16 Stone-Cold Facts About Iceland

Iceland seems to have really amped up as far as popularity for visitors in recent years. Everyone advertises reasonable plane tickets, or maybe it’s more that we worry that the colder parts of the world are going to disappear at some point, but I don’t know.

I think it’s just beautiful, and the global nature of our society these days has brought our attention to attractions we might not have ever imagined visiting before, and that’s not a bad thing.

If you’re thinking about visiting Iceland and want to know more, here are 16 cool facts!

16. They actually grow bananas.


The Icelandic Agricultural University grows between 1,100 and 4,410 pounds of bananas using geothermal energy every year.

15. You won’t be able to grab a Big Mac.


Right before the last location closed there, an Icelander bought one last meal – 10 years later, it still looks fresh.

14. There’s a word for an ice cream road trip.


And no, it doesn’t have to be hot. Ice cream tastes delicious any time of the year.

13. Your baby’s name has to be approved.


If you want to step outside the box, you have to request permission from the “Naming Committee.”

12. You can visit a museum dedicated to penises.


Yes, really.

It’s called the Iceland Phallological Museum and boasts 200 “penises and penile parts” from a wide assortment of animals.

And in the immortal words of Forrest Gump, “that’s all I have to say about that.”

11. You can attend the Elf School.

Image Credit: The Elf School

Elves have a long tradition in Iceland, and if you want to know more about them and their interactions with humans, you can attend Reykjavík’s Elf School.

One local study concluded that over 62% of Icelanders believe elves might be real, and some of them even build “elf homes” into the landscape.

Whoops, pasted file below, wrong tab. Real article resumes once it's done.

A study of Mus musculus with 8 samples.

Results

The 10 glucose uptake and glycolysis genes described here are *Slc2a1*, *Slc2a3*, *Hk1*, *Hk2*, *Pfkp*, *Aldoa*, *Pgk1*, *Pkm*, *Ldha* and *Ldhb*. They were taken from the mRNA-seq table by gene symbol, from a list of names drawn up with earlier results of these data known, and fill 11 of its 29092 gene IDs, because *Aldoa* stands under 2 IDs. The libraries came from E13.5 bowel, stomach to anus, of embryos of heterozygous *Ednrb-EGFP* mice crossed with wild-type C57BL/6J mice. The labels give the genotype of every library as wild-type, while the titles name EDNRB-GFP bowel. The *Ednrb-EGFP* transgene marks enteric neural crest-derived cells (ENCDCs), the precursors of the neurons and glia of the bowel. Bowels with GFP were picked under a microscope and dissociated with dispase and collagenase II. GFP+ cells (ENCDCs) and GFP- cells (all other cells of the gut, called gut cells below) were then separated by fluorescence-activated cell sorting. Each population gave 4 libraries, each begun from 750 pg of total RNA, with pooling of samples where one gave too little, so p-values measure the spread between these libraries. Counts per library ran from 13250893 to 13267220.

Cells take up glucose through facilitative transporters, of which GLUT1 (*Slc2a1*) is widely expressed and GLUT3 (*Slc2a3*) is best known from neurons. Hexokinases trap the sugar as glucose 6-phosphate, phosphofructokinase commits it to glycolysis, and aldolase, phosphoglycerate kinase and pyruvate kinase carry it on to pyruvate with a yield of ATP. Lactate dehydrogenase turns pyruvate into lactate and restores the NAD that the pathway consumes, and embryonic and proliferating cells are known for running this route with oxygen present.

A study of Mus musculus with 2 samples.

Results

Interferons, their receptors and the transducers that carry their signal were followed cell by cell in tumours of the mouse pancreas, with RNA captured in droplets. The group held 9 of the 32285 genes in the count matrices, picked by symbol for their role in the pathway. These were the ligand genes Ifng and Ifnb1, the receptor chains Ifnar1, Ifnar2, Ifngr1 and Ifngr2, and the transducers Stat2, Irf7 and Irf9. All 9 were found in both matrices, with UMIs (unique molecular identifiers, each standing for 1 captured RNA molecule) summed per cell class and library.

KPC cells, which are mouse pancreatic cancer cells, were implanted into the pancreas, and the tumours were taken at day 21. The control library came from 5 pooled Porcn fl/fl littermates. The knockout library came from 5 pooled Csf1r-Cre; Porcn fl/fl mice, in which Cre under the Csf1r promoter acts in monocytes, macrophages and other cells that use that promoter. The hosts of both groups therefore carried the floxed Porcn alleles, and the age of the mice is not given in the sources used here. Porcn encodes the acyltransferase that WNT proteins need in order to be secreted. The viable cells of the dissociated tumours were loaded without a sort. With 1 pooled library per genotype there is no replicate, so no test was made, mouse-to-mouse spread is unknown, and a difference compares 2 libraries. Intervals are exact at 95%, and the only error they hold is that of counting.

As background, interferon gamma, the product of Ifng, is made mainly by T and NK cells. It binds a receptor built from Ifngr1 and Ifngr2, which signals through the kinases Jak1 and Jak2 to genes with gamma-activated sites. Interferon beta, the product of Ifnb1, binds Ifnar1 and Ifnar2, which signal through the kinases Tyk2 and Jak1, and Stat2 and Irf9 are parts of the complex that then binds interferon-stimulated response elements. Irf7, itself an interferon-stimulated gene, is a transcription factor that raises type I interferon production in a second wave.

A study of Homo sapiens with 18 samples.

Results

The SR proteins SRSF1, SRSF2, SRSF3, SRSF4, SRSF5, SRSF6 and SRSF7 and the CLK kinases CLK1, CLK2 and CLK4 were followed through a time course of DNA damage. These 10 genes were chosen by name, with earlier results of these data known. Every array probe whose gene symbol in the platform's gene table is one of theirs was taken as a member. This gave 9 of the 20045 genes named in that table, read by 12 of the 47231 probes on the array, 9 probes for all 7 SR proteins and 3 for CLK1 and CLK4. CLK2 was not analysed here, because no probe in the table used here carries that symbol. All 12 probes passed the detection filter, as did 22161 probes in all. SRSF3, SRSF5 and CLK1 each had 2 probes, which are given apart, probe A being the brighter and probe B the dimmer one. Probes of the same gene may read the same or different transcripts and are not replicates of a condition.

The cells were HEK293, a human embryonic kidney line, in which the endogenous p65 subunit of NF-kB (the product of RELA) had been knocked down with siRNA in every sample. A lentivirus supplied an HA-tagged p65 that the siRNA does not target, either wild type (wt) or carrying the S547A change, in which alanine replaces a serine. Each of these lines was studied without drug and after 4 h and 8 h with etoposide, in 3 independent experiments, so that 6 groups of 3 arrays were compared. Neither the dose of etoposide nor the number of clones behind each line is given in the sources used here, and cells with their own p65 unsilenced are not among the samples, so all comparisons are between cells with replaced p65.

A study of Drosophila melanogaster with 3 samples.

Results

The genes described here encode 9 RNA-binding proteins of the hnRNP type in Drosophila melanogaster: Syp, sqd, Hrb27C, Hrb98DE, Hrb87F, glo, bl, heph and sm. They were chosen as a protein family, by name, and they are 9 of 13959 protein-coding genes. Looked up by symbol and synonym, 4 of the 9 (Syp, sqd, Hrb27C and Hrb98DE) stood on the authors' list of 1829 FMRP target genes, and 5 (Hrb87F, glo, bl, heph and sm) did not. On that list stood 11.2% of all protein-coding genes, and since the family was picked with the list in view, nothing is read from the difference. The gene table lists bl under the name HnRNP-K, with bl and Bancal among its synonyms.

10. They elected their first female head of state in 1980.


That makes her the first female elected head of state anywhere in the world. Boom.

9. They once elected a comedian as their mayor.


He served faithfully and well for four years, though he did have to back out of his campaign promise of adding a polar bear to the local zoo.

8. It’s home to over 130 volcanoes.


7. If you spend Christmas there, you’ll likely receive at least one book.


It goes over well in Iceland, which publishes more books per capita than any other country in the world.

6. But you do get gifts for 13 nights instead of 1.


Children who put a shoe on their windowsill receive presents from the 13 “Yule Lads” on the nights leading up to Christmas, though the “naughty” kids will receive only rotten potatoes.

5. Your baby would sleep outside, no matter the temperature.


Parents in most Nordic countries believe that abundant fresh air helps baby sleep and also prevents bothersome illnesses.

They do get blankets and stuff, so don’t worry.

4. It would take less than a day to circle the entire country.

Image Credit: Debivort

It would take 17 hours to drive a loop around the entire country.

The Ring Road does the 828-mile loop, though the sights are too pretty for most people to even think about doing it in one day.

3. Their hotdogs are to die for.


You’d think it would be something more exotic-sounding, but hey – who doesn’t love hotdogs?

If you do, you’ll want to check out the hot dog stand called Bæjarins Beztu Pylsur in Reykjavík.

They’ve been in operation since 1937 and their hotdogs are made from lamb and served topped with remoulade (Icelandic mustard), fried onions, raw onions, and Icelandic ketchup.


2. You can take a once-in-a-lifetime swim.


There’s a rift called Silfra, located in the Thingvellir National Park, and it’s the only place in the world where you can take a dip between two tectonic plates.

As a bonus, the water is so clear that both the diving and the snorkeling are amazing, so suit up while you’re there.

1. You will never accidentally date your cousin.


A group of college students started an app called ÍslendingaApp that lets people find out whether or not they’re related to a potential date before they run into each other at the next family reunion.

That’s definitely a case of making technology work for the better, wouldn’t you say?

I’m feeling smarter than every, and also I’ve really got an itch.

I have you been to Iceland? Tell us about your visit in the comments!